State Tree of Pennsylvania and How to Grow It

The State Tree of Pennsylvania is quite easy to grow, unlike what you think! Let’s have a look at all the details!

State Tree of Pennsylvania

The State Tree of Pennsylvania can take over 200-250 years to mature and can live for about 800-1000 years. Sounds unbelievable? Keep on reading to learn more!

State Tree of Pennsylvania

  • In 1931, Pennsylvania adopted Eastern Hemlock as its official state tree. 
  • People use its wood to build log cabins and tanning leather. 
  • The State Tree of Pennsylvania is also popular as Hemlock Spruce or Canada Hemlock. 
  • AJ Downing describes this tree as one of the world’s evergreen beauty and calls it the “Father of Landscape Gardening in America.”
  • It is a normal sight in Pennsylvania forests.
  • The State Tree of Pennsylvania can live for 800-1000 years. 
  • The beautiful tree can help keep the forest cool in summer and blocks snowfall in winter from reaching the forest floor.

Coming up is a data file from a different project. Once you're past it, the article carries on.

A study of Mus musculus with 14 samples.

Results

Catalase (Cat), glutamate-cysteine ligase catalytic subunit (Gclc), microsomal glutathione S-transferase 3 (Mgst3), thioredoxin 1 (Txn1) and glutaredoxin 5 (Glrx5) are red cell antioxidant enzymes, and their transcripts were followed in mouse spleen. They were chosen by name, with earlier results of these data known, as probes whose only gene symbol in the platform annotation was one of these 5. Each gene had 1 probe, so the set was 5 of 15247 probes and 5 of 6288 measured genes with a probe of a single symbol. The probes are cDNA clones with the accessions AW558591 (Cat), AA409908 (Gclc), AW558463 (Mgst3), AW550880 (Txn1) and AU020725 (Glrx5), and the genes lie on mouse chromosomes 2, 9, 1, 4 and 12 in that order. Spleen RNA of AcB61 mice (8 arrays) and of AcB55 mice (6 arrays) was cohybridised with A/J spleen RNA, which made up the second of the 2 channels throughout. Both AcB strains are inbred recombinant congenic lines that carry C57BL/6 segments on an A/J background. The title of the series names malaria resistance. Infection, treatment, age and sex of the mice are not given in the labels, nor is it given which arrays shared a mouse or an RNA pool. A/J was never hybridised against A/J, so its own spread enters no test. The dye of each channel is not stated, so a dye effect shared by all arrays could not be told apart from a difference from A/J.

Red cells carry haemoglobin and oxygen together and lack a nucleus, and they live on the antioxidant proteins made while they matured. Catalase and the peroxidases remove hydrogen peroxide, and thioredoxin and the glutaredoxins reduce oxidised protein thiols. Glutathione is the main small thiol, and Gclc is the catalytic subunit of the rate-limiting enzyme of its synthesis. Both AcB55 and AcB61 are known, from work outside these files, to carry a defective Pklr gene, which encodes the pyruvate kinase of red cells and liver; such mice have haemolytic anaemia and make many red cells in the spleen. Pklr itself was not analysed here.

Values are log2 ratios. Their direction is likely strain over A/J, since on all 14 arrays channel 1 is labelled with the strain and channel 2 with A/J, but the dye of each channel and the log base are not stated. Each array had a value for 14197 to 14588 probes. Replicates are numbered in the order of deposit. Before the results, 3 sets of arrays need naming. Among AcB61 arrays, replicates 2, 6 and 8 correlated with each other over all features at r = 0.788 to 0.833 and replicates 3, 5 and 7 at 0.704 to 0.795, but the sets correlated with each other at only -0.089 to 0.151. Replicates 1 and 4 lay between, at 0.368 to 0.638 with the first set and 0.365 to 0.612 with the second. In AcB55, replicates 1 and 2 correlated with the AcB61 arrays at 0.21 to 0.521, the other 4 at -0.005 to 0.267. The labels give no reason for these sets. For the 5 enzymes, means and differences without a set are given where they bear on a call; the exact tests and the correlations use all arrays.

Botanical Name: Tsuga canadensis

Year Adopted: 1931

USDA Zones: 3-7

 How to Grow the State Tree of Pennsylvania



For best growth, keep the State Tree of Pennsylvania, where it gets a minimum of 4-5 hours of direct sunlight daily. Growing it in the shade will result in poor development.

Best Soil 

Plant this tree in evenly moist soil with excellent drainage. Amend the growing medium with plenty of organic matter when planting.


The Hemlock Tree needs a fair amount of water and cannot survive extended periods of drought. Water when the topsoil feels a little dry to touch till the plant gains a height of 3-5 feet. Avoid watering it daily.


You can boost the growth by using a balanced liquid fertlizer, diluted to 1/2 of its strength, once in 6-8 weeks. Feed the plant till it reaches a height of 4-6 feet. After that, it will do just fine without any fertlizer.


Canadian Hemlock does not require much pruning unless the branches get affected by disease or weather. Prune in spring or summer, when it is actively growing, and avoid trimming in winter or fall. 

Pests and Diseases

This gorgeous tree has one big enemy – Hemlock woolly adelgid. An infested tree has white woolly masses growing at the base of the undersides of the twigs. It can be challenging to control the infestation, but you can use insecticidal soap to curb the effects.

Additionally, if you live in a deer-heavy zone, you may have to take precautions to keep them at bay.